Cathleen Thompson and Western Welcome Week are both proud to be “Still Alive at 85,” and Thompson got the surprise of her life to celebrate.
Her birthday fell smack in the middle of Western Welcome Week this year, on Aug. 13, and that gave some WWW folks an idea.
Thompson’s daughter, Kathy Thompson, is a former WWW board member and grew up with Cindy Hathaway, executive director. The two devised a grand scheme to surprise the elder Thompson with a ride in the Grand Parade on Aug. 17.
“It wasn’t even on my bucket list, because I never even thought about it,” said Cathleen Thompson.
Hathaway picked up mom and daughter in a golf cart at Woodlawn Shopping Center that morning, purportedly to give them a lift down to Main Street. But she said she had to make a detour to the beginning of the parade route, where Cathleen Thompson was shocked to see tons of family and friends gathered around a convertible with her name on it, on loan from Mike Ward Infiniti.
“And of course I had to cry,” said Thompson. “Everybody hugged me and said they loved me. I’ve really got good friends.”
Coincidentally, Thompson was also celebrating 50 years in Littleton. The family moved here from North Carolina in 1963, hoping the climate would ease her ailing husband’s health. Sadly, he died five months later, leaving her a young single mom with two kids.
“She worked three or four jobs at a time to raise us,” said Kathy Thompson. “There was no public dole then, and she wouldn’t have taken it anyway, because she’s a really hard worker.”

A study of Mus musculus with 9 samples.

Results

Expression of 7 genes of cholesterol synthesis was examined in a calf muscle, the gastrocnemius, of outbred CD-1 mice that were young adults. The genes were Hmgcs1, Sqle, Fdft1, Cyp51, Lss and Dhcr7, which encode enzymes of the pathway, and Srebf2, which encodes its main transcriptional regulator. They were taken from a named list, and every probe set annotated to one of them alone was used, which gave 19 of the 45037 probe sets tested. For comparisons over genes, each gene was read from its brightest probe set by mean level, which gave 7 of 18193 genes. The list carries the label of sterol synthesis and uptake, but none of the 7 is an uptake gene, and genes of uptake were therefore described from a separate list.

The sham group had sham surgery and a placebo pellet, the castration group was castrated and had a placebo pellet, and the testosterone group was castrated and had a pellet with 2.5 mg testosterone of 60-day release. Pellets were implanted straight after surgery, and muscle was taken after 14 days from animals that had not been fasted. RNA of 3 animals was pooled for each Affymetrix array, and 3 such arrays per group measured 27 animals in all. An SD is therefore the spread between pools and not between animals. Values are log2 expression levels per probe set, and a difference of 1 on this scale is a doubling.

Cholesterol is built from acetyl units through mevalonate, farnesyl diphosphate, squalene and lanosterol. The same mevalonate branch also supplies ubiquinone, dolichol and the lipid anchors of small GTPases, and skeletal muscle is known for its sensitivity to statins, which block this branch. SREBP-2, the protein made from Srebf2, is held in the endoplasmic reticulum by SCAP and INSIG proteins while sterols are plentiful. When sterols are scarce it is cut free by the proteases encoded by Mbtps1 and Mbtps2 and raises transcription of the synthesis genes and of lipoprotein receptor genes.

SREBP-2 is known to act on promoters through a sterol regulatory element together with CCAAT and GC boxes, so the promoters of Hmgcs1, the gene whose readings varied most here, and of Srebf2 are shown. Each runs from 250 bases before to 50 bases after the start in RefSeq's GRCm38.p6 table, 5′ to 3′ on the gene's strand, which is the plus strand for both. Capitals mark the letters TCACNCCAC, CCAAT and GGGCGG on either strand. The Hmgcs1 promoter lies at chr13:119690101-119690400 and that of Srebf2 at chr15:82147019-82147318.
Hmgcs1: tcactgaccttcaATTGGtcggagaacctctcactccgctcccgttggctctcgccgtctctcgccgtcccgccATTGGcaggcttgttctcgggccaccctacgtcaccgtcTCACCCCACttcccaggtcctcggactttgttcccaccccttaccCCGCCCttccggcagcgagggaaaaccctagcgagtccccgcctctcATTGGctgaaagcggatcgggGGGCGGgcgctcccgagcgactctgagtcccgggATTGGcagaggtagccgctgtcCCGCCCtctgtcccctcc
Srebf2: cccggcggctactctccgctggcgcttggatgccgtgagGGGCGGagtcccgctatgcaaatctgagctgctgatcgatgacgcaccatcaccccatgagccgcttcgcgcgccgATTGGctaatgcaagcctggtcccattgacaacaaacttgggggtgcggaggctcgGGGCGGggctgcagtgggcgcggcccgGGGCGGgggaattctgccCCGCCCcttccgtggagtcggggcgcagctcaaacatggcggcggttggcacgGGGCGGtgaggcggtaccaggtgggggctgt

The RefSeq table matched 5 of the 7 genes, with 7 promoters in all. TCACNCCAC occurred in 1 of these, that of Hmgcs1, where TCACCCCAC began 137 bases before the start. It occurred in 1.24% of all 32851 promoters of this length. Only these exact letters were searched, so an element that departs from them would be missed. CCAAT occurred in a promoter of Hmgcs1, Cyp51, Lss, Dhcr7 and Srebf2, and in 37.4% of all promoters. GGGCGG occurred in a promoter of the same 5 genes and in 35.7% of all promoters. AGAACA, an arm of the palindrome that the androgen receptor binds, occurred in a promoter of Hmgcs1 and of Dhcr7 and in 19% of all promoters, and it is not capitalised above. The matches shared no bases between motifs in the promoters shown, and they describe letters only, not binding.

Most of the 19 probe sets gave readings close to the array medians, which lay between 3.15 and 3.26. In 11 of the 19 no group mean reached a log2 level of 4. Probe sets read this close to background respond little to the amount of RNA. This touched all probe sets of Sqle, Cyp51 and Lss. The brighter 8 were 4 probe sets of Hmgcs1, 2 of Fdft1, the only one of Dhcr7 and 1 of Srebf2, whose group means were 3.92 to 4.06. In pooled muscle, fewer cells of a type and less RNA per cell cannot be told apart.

Her first job in town was at a barbecue restaurant called Georgia Boys, at Broadway and Panama Drive, where McDonald’s is now. Then she added Columbine Country Club to the list, where she served meals to famous golfers like Arnold Palmer and even once to President Gerald Ford after he finished a round. She stayed there for 15 years before running her own restaurant, Mr. J’s on Kipling Parkway.
She sold her business five years later, then went on to work 15 more years at the Mountain Bell training center on Wadsworth Boulevard. After that she “semi-retired” to a part-time job at Canteen Corp.
“I made coffee, sandwiches, whatever needed to be done, I could do it,” she said.
Finally, at 71, she retired.
“There are very, very, very few people who have her work ethic,” said Kathy Thompson. “She did hard, physical work until she was 71. She paid off that house, and she did it by herself. Truly by herself. She’s my she-ro.”
She never really stopped wanting to serve people, though. She’s known for her chocolate cakes, which turn up all over town whenever she thinks somebody might like one.
“She helps people,” said Kathy Thompson. “She’ll hear about somebody having a hard time and just show up to cook or shop without them even asking. She just knows what to do. She’s thoughtful like that.”
Cathleen Thompson she doesn’t really know any other way to be.
“I’ve worked hard my whole life,” she said. “I’m proud I got my two kids raised with all the problems through my life. I raised them and got them educated. I’m proud I got it done.”